Assessing Community Strengths and Needs
To succeed, a prevention program should be tailored to the strengths and needs of the community it serves. An assessment to identify those strengths and needs can take many forms, such as a compilation of demographic data from census records, results of surveys, and partners' responses to questions about the community they serve. Assessments can be expanded to include focus group discussions, town meetings, interviews with stakeholders, and telephone or mailed surveys to partnership members. An image or chart of community assets will show opportunities for building on strengths of individuals, agencies, and businesses within the community.
Use the following resources to learn more about assessing community strengths and needs, including State and local examples.
Home Visiting Application Process: A Guide for Planning State Needs Assessments (PDF - 1376 KB)
Child Trends (2010)
Provides information to help States plan and conduct needs assessments, identify high-risk populations, and select and measure benchmarks for home visiting programs as established under the Patient Protection and Affordable Care Act of 2010.
Healthy Communities - Healthy Youth
This initiative seeks to motivate and equip individuals, organizations, and their leaders to join together in nurturing competent, caring, and responsible children and adolescents.
Assessing Community Needs and Resources
University of Kansas Community Tool Box
Focuses on community assessment for health promotion programs.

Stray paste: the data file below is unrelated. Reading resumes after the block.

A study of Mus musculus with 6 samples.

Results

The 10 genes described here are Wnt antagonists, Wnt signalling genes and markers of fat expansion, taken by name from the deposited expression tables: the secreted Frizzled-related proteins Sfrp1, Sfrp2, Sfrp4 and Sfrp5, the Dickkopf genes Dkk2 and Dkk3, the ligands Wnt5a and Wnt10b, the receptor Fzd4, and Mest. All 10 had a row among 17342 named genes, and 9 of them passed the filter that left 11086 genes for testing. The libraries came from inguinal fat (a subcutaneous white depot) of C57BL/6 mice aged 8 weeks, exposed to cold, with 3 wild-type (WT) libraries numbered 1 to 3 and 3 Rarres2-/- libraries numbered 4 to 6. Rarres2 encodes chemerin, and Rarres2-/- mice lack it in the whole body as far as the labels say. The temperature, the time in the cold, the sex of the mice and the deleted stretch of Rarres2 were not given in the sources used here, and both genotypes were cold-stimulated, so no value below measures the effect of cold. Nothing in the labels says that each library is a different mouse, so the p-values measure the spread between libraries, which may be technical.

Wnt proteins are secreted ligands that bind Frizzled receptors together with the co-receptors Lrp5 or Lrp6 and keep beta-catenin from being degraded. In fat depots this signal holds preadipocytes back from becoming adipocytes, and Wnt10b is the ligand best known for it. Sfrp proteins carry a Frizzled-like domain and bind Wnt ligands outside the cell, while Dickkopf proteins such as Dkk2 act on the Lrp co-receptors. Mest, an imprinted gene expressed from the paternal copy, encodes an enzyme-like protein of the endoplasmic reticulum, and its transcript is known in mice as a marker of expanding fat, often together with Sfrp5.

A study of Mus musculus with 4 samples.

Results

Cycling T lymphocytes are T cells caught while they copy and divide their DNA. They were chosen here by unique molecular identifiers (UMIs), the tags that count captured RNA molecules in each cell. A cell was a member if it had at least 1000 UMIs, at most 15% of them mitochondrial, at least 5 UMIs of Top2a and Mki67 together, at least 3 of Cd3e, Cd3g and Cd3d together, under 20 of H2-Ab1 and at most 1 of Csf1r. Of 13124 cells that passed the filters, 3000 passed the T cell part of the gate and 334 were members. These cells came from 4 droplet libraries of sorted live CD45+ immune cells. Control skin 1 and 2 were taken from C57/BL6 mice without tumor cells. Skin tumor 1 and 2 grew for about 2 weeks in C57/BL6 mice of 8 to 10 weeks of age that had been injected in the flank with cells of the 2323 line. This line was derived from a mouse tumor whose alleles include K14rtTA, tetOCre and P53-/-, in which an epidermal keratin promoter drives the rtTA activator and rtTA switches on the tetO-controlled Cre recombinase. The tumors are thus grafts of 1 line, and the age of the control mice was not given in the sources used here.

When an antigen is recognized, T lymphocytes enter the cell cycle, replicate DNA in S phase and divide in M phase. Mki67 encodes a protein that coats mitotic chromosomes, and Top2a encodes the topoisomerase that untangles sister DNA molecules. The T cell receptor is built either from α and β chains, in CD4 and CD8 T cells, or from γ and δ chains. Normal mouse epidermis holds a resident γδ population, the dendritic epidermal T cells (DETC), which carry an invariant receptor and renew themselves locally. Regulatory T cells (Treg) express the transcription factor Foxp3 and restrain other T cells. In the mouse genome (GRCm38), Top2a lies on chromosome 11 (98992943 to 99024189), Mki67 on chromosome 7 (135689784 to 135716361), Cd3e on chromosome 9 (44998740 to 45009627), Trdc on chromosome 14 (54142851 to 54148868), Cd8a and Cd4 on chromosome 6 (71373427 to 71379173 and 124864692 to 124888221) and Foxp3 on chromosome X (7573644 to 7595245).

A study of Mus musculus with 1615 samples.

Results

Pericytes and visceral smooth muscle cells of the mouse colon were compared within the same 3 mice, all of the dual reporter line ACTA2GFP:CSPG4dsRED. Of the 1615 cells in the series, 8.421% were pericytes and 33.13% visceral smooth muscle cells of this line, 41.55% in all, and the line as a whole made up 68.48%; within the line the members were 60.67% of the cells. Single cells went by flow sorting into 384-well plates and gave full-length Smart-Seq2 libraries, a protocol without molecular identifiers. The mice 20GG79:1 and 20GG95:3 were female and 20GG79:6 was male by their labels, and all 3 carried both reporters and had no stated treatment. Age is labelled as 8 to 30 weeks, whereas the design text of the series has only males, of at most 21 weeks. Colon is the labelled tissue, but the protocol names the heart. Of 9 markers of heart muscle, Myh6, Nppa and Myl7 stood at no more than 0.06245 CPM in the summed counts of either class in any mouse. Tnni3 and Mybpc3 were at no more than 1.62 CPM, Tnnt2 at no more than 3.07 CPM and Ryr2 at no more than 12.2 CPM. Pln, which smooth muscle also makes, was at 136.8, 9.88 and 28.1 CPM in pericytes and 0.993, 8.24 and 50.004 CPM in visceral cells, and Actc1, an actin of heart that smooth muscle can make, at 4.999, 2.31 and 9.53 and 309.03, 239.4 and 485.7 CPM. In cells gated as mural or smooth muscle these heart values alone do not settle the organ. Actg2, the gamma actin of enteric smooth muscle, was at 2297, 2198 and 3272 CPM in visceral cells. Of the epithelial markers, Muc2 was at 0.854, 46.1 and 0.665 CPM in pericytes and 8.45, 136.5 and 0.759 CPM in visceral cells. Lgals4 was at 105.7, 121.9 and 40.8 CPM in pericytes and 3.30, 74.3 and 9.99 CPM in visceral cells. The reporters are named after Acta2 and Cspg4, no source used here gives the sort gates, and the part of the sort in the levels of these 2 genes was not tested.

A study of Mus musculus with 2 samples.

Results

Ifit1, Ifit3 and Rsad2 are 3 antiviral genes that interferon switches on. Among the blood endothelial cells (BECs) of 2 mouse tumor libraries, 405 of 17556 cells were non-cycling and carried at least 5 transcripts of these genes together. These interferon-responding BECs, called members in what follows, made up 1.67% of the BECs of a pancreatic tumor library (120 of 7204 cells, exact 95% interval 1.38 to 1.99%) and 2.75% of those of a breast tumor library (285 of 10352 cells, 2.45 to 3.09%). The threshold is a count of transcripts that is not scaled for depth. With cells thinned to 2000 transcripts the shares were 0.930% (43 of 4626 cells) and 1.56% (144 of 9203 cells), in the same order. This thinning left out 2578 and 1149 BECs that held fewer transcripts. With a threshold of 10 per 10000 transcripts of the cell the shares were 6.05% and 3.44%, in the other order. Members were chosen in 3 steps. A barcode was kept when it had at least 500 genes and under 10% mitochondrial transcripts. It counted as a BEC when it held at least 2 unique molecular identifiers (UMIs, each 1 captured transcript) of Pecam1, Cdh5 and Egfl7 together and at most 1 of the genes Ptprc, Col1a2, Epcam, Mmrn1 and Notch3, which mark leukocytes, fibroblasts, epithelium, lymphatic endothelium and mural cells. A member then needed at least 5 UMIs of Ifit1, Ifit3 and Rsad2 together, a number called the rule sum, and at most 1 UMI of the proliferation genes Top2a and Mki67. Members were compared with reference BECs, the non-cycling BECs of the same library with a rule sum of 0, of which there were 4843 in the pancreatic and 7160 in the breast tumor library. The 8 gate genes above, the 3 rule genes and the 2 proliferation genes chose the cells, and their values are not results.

Annie E. Casey Foundation, Harvard's Hauser Center for Nonprofit Organizations, & Rockefeller Foundation
Provides community builders with problem-solving tools and strategies in the form of case studies, best practices, and web links related to community development issues. The website also features discussion forums to foster interactive exchanges of ideas and peer-to-peer learning.
Feedback From the Field: Child Abuse Prevention and Early Intervention Across California (PDF - 3,594 KB)
Marcus, Alderson, & Green (2012)
Discusses an assessment that will assist the California Office of Child Abuse Prevention in implementing Strengthening Families and in supporting counties with the integration of prevention plans into the Outcomes and Accountability System (O&A). The article summarizes the assessment rationale, describes the data collection process, and highlights a few key findings and recommendations.
Partners in Community Outreach In-Home Family Education Program Start-Up Guide
Partners in Community Outreach West Virginia (2009)
Provides information for starting an in-home family education program to reduce adverse childhood experiences in West Virginia by describing in-home family education and the vision and role of the Partners in Community Outreach program and explains strategies for the development of an in-home family education program.
State and local examples
Investing in the Future of L.A.'s Most At-Risk Children: Data on Needs and Resources for Preschool Children Involved With Child Welfare and Probation (PDF - 734 KB)
McCroskey & Nadybal (2007)
Investigates the current and projected number of preschool children in Los Angeles County at risk of child abuse and neglect, and examines the capacity of local communities' child care systems.
The Irreducible Needs of Families in King County (PDF - 2758 KB)
King County Children and Family Commission (2009)
Describes an initiative to identify the essential needs of families with children in King County, Washington, measure how well those needs are being met, and build upon successful programs to meet those needs.